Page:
The world is abuzz, aflutter and agog about LinkedIn’s IPO, which saw the price of its shares more than double to $94 from the offering price of $42. LinkedIn is now worth a staggering $8.9-billion, or 40X revenue.
To some people, the LinkedIn IPO harkens back to the original dot-com boom when valuations were sky-high and investors were completely irrational. That may be true but remember most of the IPOs done a decade ago were crappy companies with little or no revenue that played upon the bubbly enthusiasm of this new thing called the Internet. LinkedIn, on the other hand, has revenue, 100 million users and a global brand name. In other words, it has fairly strong fundamentals.
But as people sober up from LinkedIn’s spectacular debut yesterday, here are a few thoughts:
1. The biggest thing about being a publicly-traded company is everything you do is on the table. There are no secrets anymore that can kept behind the scenes like when you’re privately-owned or VC-backed.
At the same time, there are expectations to meet from investors and analysts looking for certain finance results. If you exceed targets, you’re rewarded; if not, you’re penalized. For publicly-traded companies, it puts pressure on them to perform, and may get them to do things such as raise prices or introduce new services to drive revenue.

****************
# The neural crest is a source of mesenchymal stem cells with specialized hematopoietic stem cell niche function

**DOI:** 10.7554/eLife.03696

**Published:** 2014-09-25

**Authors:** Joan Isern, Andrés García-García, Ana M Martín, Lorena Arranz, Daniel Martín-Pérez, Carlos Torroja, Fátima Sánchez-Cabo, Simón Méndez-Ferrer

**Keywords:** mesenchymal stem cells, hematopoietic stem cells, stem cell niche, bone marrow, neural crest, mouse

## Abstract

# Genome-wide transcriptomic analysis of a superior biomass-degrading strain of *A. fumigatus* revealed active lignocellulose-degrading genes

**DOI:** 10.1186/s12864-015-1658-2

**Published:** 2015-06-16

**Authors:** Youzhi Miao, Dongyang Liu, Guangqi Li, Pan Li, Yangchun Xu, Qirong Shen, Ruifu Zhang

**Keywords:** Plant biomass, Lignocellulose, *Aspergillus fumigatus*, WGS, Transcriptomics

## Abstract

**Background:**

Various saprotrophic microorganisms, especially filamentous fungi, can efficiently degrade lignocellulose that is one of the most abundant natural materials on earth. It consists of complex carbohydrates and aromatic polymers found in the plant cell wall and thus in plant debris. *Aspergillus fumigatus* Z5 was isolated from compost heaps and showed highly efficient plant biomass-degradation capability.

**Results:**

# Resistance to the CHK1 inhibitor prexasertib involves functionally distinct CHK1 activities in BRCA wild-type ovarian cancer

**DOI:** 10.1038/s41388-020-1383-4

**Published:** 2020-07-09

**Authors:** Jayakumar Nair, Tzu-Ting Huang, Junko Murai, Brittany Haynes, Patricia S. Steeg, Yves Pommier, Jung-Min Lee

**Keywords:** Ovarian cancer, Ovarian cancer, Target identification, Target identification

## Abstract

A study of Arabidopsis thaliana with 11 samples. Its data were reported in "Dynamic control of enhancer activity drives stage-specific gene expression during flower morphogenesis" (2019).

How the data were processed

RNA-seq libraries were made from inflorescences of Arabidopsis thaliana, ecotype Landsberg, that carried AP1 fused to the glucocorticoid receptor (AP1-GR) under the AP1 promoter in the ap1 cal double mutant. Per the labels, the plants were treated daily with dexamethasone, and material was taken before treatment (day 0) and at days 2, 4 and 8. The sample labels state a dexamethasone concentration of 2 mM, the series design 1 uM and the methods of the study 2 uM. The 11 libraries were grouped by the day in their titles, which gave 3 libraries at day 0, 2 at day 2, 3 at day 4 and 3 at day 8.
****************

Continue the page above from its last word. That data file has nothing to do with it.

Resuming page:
2. While LinkedIn had strong revenue ($243.1-million), I think companies that don’t have strong revenue will have a more difficult time doing an IPO unless they also have a compelling brand. Facebook could do an IPO in a heartbeat, and I think the enthusiasm among investors would dwarf LinkedIn’s.
Twitter could easily do an IPO based on its user base and brand recognition. The only problem is Twitter’s financial fundamentals may be an issue because it’s still not generating enough revenue. This explains some of the strategic decisions Twitter has made recently.
3. There will likely be a flurry of IPOs as entrepreneurs and, as important, VCs try to take advantage of the LinkedIn IPO to pull some money off the table. My advice to investors is to be pragmatic and careful, and be prepared to get stung if you’re not prepared.
More: The New York Times has a good piece on LinkedIn’s IPO with a great first paragraph: “It’s not 1999, but the big Internet I.P.O. is back.”